Brown, on his first visit to the United States since becoming British prime minister, will meet with President George W. Bush as part of a three-day trip that is sure to be something of a political tightrope.

    Britain's new leader has two opposing duties. First, he must reassure the Bush administration that the new Labor government will remain dedicated to the Atlantic partnership. Second, he must show his own nation that he is not another Tony Blair and will not be "America's poodle."

    As if that weren't enough, his situation became even more awkward after some members of his government told the White House about how they would like to see relations between the U.K. and the U.S.

    In an address in Washington two weeks ago, Douglas Alexander, the new Secretary of State for International Development and Brown's protege, called on the United States to "recognize the importance of a rules-based international system," which he believes should be multilateral and rest on fundamental values, not fleeting interests.

    The address stunned many American news analysts, who saw it as an echo of Vladimir Putin's criticism of U.S. foreign policy in Munich.

    No less indicatively, Mark Malloch Brown, the new minister for Africa, Asia and the United Nations and former deputy to Kofi Annan, is known for his harsh criticism of U.S. policy in Iraq. Lord Malloch-Brown proudly says he is against the neoconservatives in the Bush administration, who cling to the idea of Pax Americana. He says Britain and the U.S. are not Siamese twins, and they must be allies but "not joined at the hip."

    These words are hardly what Washington wants to hear, but they may be no more than grandiose statements from a new broom. I believe, however, that Britain is setting a different tone for its dialogue with the United States, if not changing its content. It wants to cast off its perceived meekness and be seen as an equal partner.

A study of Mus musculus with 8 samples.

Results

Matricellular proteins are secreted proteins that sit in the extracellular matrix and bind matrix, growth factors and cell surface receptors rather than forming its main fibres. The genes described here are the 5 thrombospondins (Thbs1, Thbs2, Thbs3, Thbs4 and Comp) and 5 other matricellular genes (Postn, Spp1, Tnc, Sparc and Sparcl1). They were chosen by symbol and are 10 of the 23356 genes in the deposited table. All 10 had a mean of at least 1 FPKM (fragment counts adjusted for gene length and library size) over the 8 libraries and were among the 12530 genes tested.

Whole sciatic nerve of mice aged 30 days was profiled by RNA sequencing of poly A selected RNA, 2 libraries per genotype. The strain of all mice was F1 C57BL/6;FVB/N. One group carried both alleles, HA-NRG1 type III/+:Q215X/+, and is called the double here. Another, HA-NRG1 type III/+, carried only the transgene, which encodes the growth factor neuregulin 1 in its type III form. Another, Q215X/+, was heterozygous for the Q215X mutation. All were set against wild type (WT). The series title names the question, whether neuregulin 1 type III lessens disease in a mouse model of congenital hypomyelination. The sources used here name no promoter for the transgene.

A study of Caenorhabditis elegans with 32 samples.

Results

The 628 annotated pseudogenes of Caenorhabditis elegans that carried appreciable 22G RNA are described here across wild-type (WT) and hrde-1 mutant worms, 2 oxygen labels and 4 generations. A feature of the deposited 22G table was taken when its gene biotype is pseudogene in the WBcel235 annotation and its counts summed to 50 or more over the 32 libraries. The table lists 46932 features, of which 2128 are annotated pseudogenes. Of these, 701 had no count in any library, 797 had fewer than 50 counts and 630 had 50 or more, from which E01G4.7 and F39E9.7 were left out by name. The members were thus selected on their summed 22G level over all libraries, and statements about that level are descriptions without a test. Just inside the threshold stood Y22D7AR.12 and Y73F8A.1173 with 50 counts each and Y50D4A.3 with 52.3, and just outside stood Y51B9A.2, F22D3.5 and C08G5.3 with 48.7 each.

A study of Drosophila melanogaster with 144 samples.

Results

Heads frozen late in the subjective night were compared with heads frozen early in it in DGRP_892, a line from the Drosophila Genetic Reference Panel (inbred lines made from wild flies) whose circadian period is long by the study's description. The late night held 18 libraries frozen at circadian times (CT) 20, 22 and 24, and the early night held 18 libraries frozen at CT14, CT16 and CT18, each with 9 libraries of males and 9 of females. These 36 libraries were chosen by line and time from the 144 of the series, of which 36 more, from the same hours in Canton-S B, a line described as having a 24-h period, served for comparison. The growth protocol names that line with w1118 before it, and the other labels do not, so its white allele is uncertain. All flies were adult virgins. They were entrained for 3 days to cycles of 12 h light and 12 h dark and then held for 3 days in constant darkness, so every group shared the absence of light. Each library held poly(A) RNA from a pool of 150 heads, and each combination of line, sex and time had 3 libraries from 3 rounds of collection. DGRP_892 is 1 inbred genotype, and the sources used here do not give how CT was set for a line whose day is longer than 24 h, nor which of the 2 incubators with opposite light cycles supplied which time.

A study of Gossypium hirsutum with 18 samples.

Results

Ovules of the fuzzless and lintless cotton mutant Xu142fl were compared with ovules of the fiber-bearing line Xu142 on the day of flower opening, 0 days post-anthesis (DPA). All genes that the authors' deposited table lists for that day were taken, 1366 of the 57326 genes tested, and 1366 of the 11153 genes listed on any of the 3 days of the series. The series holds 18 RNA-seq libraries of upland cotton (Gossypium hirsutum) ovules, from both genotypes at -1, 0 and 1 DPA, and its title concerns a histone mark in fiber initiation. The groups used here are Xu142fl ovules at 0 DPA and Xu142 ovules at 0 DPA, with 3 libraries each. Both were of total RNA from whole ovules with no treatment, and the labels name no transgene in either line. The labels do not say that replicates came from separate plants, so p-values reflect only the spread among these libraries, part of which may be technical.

Brown and Bush will discuss a wide range of problems-in particular, Iraq, Iran, Kosovo, Darfur, the deployment of a missile shield in Eastern Europe and, last but not least, a response to the foreign policy of a resurgent Russia which is becoming more independent and trying to find its bearings in the new world order. The latter issue appears to matter more than any other, even though it is not on the official agenda.

    There are many reasons to believe that Britain will not quit Iraq in a hurry under Gordon Brown. The visitor will, however, surely make it understood that British troops will pull out as soon as possible if the Iraqi government makes any progress.

    It came as a big surprise when Brown said he did not rule out the use of force in Iran. Many wonder if his stance will undermine consistent U.N. resolutions calling for the international community to increase diplomatic and economic pressure on Tehran. At any rate, pundits in London do not think Britain will approve of the Bush administration launching military action during the president's last 18 months in office.

    Indicatively, Brown met French President Nicolas Sarkozy and German Chancellor Angela Merkel before visiting the United States. This scheduling matter does not, however, necessarily presage a British rapprochement with the European Union. To all appearances, Her Majesty's Government will continue to strike a balance between its new, more reserved contacts with the United States and similarly reserved relations with the Continent. That, too, will involve walking a political tightrope.

    The opinions expressed in this article are the author's and do not necessarily represent those of RIA Novosti.